A Lebanese judge has issued arrest warrants in absentee against 10 Libyan nationals, including the son of the slain dictator Muammar Gaddafi, over the disappearance of Lebanon’s prominent Shia leader Imam Musa al-Sadr, who went missing with two companions more than 40 years ago in Libya.

On Tuesday, Investigative Judge Zaher Hamadeh took the measure against Seif al-Islam Gaddafi, Gaddafi’s former intelligence chief Abdullah Senussi and Ahmad Ramadan, a top Gaddafi aide and former head of the regime’s intelligence office, among the other defendants.

The daughter of Imam Musa al-Sadr says she strongly believes that her father is alive and being kept in prison.“The documents and evidence show that he is alive and imprisoned as there is no proof to the otherwise,” Houra al-Sadr said on February 26, 2018.

She added that concerted efforts are underway to shed light on the fate of the cleric.

“He is still alive and kept incarcerated. Nevertheless, he has not yet been found and reunited with us,” she pointed out.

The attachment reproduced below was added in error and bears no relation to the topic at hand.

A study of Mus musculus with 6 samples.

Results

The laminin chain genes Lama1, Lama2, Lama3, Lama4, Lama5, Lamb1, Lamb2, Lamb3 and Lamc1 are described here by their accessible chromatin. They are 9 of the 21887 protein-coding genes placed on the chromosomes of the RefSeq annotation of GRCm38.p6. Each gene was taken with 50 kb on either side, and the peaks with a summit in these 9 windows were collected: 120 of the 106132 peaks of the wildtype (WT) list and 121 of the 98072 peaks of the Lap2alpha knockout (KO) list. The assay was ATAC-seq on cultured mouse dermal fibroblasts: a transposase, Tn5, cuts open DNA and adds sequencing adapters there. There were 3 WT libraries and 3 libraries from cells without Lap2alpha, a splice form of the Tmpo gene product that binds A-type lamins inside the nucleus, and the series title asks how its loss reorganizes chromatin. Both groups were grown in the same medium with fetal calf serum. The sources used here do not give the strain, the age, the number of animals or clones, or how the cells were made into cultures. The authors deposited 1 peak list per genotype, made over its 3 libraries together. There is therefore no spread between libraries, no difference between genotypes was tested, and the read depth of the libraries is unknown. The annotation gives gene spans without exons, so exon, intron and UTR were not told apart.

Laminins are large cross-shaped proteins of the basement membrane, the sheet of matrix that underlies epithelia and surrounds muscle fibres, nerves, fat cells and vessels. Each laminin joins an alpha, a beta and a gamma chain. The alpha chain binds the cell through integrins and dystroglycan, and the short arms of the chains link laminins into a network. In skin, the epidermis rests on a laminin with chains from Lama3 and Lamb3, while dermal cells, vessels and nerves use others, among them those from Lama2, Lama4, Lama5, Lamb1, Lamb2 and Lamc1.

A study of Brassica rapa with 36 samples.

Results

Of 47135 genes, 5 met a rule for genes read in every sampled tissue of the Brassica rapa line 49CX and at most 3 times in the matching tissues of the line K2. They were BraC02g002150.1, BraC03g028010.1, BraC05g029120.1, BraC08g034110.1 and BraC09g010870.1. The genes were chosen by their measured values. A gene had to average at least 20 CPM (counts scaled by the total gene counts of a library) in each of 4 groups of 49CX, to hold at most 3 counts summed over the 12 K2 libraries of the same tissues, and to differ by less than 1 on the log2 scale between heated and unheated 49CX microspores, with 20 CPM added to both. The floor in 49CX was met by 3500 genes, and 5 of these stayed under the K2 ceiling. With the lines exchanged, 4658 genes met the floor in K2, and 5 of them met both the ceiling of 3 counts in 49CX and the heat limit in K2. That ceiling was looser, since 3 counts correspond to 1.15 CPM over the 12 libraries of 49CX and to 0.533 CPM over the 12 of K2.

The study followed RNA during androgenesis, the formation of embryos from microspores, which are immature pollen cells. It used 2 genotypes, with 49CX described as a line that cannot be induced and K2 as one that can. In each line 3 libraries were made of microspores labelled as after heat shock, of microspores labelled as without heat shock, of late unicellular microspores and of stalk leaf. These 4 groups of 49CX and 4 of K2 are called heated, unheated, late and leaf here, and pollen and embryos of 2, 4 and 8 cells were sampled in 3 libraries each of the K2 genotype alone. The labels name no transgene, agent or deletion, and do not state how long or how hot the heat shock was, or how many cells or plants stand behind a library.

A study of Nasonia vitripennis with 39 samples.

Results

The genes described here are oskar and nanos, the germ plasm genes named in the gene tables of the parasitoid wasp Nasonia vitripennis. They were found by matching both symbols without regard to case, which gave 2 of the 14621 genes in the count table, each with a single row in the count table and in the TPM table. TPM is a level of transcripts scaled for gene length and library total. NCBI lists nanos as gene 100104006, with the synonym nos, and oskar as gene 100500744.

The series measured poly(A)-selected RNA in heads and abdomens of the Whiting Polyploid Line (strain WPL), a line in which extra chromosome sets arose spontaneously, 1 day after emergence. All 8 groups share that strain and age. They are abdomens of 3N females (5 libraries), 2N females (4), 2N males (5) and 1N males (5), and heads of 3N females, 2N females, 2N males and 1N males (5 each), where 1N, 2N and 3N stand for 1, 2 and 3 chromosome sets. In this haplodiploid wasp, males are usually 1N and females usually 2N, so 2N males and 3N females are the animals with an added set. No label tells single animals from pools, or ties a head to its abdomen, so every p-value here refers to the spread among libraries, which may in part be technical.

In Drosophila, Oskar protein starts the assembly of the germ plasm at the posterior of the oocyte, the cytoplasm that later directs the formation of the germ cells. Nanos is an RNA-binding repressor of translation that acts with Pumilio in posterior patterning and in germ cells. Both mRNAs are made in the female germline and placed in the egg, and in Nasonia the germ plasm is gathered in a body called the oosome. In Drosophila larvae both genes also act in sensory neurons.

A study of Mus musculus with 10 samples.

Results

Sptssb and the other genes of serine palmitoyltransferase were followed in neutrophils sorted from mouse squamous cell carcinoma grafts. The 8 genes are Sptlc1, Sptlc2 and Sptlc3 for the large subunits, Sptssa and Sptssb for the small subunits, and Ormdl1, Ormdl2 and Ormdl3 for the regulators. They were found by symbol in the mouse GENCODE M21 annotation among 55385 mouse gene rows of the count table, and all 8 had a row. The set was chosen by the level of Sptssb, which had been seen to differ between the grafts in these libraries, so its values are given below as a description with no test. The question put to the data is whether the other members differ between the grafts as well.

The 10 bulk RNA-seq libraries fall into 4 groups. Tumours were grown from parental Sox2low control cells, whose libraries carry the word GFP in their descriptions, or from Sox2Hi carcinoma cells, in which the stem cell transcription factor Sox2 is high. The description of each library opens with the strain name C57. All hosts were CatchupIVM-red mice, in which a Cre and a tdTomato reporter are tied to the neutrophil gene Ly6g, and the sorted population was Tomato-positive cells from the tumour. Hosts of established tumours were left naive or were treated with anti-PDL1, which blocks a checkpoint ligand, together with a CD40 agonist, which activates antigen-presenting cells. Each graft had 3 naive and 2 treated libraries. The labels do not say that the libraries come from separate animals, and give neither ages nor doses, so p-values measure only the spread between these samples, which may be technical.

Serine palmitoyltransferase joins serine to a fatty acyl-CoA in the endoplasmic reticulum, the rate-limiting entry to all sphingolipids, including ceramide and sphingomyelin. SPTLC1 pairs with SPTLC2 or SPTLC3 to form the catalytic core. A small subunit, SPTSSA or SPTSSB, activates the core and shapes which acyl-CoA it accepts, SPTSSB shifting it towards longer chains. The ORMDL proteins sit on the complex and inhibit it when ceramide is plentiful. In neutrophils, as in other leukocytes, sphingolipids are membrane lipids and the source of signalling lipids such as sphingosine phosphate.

The Lebanese parliament speaker also says he has strongly believes that Sadr is still alive, calling for collective efforts to find out about the fate of the cleric and his companions.

Speaking at a ceremony marking the 39th anniversary of Sadr’s disappearance in Beirut, Nabih Berri called on Lebanese media outlets to follow up on the clergyman’s fate, stressing that Lebanese judicial officials were also looking into the case.

The fact-finding mission formed to inquire about the case has, however, been unable to visit Libya due to violence and political instability in the North African country, the top Lebanese legislator argued.

Imam Musa al-Sadr was a highly revered Shia cleric of Iranian descent, who founded the Lebanese Amal (Hope) Movement in 1974. He came to Lebanon in 1959 to work for the rights of Shia Muslims in the port city of Tyre, located about 80 kilometers (50 miles) south of Beirut.

The prominent Shia cleric disappeared on August 31, 1978, during an official visit to the Libyan capital Tripoli.

He was accompanied by Sheikh Mohammad Yaqoub and journalist Abbas Badreddine.

Lebanon still holds former Libyan officials responsible for the disappearance of the trio.

Since Gaddafi was deposed and killed in 2011, Lebanon and Iran have repeatedly called on the Libyan government to launch an investigation into Sadr’s disappearance.

Hannibal Gaddafi, the son of the Libyan dictator, is currently in custody in Lebanon, facing charges of withholding information regarding Sadr’s case.

In August 2016, Sadr’s family filed a lawsuit against Gaddafi over his role in the disappearance of the senior Shia cleric.